Thursday’s Special: Manscape to Landscape


This shot was taken a couple of weeks ago from the ruins of a gold mine crushing mill at Cefn Coch, Dolymelynllyn. During the 1860s there was a gold rush involving the working of several mines around Dolgellau, on the southern edge of the Snowdonia National Park in Wales. It is a dramatic landscape, a hard place to toil, cracking open the earth in hopes of riches. The remains of the industrial buildings stand starkly against the hillsides, the moorland vegetation gradually reclaiming the stonework.

copyright 2014 Tish Farrell

Now hike over to Paula’s blog for more splendid landscapes: Lost in Translation’s  Thursday’s Special

Related: Now that summer’s done, we take the Dol Idris path

17 thoughts on “Thursday’s Special: Manscape to Landscape

  1. The remains of the buildings with the careful framing makes this exciting nature even more appealing. You have done a wonderful job with it! Thank you, Tish 🙂 🙂 (I’ve been google mapping around the area – that much I liked your post)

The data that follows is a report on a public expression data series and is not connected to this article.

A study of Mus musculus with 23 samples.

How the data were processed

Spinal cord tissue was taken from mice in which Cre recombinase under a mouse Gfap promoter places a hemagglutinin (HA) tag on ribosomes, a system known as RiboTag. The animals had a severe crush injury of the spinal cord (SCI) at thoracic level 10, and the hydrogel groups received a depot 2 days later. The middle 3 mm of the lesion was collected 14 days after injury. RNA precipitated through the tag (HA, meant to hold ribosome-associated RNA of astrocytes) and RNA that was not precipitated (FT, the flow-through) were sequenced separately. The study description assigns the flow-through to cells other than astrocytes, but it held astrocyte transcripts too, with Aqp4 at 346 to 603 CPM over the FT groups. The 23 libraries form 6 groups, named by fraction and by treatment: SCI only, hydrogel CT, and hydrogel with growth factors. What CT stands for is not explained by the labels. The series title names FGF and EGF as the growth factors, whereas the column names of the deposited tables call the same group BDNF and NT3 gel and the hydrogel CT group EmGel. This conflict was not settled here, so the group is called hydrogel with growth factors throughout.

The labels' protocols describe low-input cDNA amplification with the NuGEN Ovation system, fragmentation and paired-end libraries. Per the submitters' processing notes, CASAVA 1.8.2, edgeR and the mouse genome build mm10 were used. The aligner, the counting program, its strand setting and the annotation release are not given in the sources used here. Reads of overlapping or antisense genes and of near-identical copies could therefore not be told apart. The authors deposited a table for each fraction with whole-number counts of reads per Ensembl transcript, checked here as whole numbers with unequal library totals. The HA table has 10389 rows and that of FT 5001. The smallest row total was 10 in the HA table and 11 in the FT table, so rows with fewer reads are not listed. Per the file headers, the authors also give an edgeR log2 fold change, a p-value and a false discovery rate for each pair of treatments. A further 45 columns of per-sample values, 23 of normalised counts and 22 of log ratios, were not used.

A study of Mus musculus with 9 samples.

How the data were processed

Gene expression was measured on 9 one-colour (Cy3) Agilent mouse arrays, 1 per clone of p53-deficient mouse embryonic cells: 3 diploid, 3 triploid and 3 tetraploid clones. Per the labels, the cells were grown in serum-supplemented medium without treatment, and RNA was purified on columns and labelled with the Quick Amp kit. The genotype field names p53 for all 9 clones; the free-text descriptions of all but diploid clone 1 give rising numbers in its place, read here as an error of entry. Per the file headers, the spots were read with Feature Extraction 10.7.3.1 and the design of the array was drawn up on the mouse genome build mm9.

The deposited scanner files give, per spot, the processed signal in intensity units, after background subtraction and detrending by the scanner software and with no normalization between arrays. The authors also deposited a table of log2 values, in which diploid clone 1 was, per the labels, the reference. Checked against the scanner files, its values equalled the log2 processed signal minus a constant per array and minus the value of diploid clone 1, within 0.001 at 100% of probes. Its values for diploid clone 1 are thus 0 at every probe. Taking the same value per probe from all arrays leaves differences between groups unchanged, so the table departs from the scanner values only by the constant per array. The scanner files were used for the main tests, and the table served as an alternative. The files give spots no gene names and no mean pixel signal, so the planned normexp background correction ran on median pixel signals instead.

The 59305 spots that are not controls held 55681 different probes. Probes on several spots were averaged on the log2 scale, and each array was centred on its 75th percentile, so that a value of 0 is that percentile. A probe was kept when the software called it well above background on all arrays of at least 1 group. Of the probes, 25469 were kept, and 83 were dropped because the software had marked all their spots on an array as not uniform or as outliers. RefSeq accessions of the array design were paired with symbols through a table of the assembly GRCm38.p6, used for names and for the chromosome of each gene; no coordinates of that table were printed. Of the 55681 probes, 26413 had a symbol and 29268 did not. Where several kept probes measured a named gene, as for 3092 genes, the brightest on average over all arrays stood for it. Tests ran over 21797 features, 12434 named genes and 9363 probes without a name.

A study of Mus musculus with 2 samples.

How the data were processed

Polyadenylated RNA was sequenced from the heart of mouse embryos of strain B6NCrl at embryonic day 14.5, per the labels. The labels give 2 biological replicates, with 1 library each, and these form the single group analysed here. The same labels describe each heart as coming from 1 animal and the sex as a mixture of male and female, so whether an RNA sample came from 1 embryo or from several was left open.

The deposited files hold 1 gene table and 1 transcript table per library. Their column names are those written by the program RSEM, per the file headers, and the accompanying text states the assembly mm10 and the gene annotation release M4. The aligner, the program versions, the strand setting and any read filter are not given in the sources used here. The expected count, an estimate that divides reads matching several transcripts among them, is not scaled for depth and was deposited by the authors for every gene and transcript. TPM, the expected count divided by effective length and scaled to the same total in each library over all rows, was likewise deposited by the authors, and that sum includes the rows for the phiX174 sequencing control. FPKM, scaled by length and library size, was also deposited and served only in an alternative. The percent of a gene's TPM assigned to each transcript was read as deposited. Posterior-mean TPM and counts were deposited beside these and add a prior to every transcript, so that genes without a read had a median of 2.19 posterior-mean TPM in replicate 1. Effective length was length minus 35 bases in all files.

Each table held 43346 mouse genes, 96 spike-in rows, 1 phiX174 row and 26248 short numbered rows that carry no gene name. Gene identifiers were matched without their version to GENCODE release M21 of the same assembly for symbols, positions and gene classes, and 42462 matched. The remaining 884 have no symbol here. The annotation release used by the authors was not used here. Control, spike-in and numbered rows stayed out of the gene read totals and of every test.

2. Have biked in this area several times – amazing nature gone as you said from landscape to manscape and then back to landscape ruled by nature – once I used a totally day at the abandoned northern welsh slate industry atThe Dinorwic Slate Quarry not far away from this area you show us – when it was active, the world’s second largest and the largest located not far from this place, also from Wales – at the same time fascinating and slightly creepy – the nature of Wales is rough but amazing, love it… 🙂

    1. It is an amazing landscape, Drake, you are right – from the plain beautiful to the starkly rugged. The Dinorwic Slate Quarry is almost horrifying in its scale. The workers were not treated very well either if I remember rightly. People worked so very hard in the past for not very much.

      1. Yeah no doubt – really tough working life and undoubtedly underpaid – better to see it in historical background now than to experience it ourself – I guess not much fascinating among these workers.

    1. Yep. Gold mining in Wales has a long history, Ark – maybe back to Bronze Age times. I’m now having a vague memory that the Prince of Wales – for one of his weddings – had rings made from Welsh gold.